It is hardly surprising that Australian’s are asking themselves what the age of drones, robots and artificial intelligence herald for them and their families? Why wages are stagnating? And whether we should be trying to hold back the tides of change?
It sometimes feels as though we are living in an era of unprecedented change – whether or not this is true, it certainly feels that way to many in the community. It is hardly surprising that Australian’s are asking themselves what the age of drones, robots and artificial intelligence herald for them and their families? Why wages are stagnating? And whether we should be trying to hold back the tides of change?
These core issues, our need for wages growth and the changing nature of work, have always been intertwined. Understandably these changes to the nature of work provoke a fearful reaction to some in the community, disruption inevitably brings with it uncertainty. Looking back through rose tinted glasses, it's easy to see why we why calls to “protect” ourselves might be heeded. But in truth, trying to isolate Australians from new technologies will only transform our country into a global backwater and ultimately impose much worse social upheaval.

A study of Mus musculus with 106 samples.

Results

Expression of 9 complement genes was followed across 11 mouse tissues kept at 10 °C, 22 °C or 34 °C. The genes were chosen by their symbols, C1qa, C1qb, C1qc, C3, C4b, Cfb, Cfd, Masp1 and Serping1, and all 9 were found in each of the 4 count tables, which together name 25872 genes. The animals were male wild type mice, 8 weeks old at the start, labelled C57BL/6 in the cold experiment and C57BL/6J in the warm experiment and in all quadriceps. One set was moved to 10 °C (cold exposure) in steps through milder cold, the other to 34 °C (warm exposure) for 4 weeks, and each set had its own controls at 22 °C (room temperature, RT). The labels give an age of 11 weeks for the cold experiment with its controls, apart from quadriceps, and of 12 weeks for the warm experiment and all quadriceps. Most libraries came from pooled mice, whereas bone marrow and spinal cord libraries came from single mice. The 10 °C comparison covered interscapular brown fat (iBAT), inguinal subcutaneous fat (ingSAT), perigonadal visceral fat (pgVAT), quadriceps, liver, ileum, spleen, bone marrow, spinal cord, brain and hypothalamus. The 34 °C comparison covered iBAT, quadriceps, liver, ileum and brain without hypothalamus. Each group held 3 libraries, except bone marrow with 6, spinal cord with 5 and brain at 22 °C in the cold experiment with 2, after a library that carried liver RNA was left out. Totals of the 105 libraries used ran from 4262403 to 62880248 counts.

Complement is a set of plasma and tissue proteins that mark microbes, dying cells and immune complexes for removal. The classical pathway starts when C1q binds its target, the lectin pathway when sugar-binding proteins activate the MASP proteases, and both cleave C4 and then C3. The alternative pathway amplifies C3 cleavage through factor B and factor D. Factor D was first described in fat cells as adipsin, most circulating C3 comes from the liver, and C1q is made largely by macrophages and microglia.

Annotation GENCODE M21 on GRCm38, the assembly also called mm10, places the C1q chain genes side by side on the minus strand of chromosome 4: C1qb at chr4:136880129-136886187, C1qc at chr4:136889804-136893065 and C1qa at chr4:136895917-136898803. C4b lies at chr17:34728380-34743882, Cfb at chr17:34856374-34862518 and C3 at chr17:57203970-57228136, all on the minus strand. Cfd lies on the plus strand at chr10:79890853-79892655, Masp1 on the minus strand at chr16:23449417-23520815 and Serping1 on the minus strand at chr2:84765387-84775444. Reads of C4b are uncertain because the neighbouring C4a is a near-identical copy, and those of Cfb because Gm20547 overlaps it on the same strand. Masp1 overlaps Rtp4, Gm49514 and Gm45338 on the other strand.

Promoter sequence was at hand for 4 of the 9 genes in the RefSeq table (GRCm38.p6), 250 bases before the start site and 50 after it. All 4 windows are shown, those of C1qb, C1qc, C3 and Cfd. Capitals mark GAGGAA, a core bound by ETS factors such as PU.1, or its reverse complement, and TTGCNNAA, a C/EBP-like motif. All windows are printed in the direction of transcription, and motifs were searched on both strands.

Instead of focusing on protecting the jobs of the past, we need to enhance the skills and capabilities of our workers, and build the competitiveness of our industries. Our education and training system should be improved so young people are trained in the kinds of roles that machines can’t do as well – lateral thinking, creativity and emotional skills. At the same time workers, whose jobs are eroded by the winds of change will need the ability to duck in and out of training as required without leaving the labour force.
This should be supplemented by a robust and targeted welfare safety net that ensures displaced workers don’t fall into poverty while finding their feet. Mass education, universal healthcare and aspects of the tax and transfer system will assist this transition. High personal taxes diminish reward for Australians who expend more time, energy and resources to boost their personal productivity.
When both Labor and the Coalition support marginal tax rates around 50 per cent, don’t be surprised to see upwardly mobile young Australians moving to thriving commercial centres like Hong Kong and Singapore, where personal tax rates are closer to 20 per cent. The twin issues of wages growth and the changing nature of work must become the key consideration of every piece of social and economic policy that parliament considers.
However, this transition in the economy can’t be left to government to manage through regulation and spending programs. Business, government and unions must work cooperatively together to decide what each of them can do to support the conditions for productivity and higher incomes.